The ACC reported $403 million in revenue for the 2014-15 year, according to its federal tax return, up $100 million from the previous year.
The 14 full-time football-playing schools received an average of $26.2 million -- putting the ACC third among the Power 5 conferences. Notre Dame, a member in all sports but football, received $6.2 million.
Why the increase? The added revenue includes the $31 million exit fee from Maryland and a much bigger payout from the College Football Playoff. In 2014-15, the ACC received $94.2 million in bowl payments alone. Television money accounted for $217.9 million.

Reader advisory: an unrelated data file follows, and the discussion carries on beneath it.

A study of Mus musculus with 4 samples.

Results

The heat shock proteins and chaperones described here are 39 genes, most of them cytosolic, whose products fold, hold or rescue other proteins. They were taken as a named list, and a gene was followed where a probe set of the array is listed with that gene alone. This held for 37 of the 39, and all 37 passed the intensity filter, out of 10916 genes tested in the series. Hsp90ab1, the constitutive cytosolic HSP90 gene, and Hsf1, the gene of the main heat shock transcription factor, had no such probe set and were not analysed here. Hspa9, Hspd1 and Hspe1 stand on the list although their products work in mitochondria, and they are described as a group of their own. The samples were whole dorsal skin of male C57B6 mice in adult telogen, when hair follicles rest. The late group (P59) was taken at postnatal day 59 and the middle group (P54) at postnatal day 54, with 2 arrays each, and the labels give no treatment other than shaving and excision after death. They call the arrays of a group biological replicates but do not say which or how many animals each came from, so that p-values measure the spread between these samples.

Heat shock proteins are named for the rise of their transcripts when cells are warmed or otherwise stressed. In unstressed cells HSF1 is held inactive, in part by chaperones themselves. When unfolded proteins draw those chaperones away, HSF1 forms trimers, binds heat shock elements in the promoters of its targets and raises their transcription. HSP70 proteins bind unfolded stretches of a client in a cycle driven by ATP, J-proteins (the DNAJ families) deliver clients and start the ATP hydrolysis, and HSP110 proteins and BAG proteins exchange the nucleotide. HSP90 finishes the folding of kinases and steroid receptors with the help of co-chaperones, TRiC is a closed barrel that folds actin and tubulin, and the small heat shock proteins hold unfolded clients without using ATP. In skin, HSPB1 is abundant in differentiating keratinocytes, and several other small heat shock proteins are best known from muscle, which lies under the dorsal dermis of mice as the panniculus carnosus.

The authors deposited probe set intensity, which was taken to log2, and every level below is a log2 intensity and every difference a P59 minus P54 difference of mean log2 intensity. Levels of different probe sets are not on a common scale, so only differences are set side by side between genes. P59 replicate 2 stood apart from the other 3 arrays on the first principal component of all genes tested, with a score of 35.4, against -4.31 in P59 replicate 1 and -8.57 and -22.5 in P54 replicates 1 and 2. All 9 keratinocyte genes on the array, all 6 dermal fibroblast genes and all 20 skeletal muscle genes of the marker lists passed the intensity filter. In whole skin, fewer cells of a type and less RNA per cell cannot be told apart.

Based on distributions to each program, Florida State received the highest payout at $27.6 million, while Syracuse got the lowest at nearly $24 million.
ACC commissioner John Swofford made $2.7 million, nearly $600,000 more than he made the previous year.
In addition, the league also paid its schools more than $11.6 million in championship reimbursements, which is not reflected in the payout figures.
The ACC has clearly benefited financially from expansion. In 2013-14, revenue increased $70 million with Pitt, Syracuse and Notre Dame in their first year as league members. So essentially, the ACC went from $232 million in revenue in 2012-13 to more than $400 million in its latest financial report. The next big target is trying to complete a long-awaited ACC Network.
The SEC and Big Ten both distributed more than $30 million to each of their programs. Both have their own television networks that provide extensive revenues.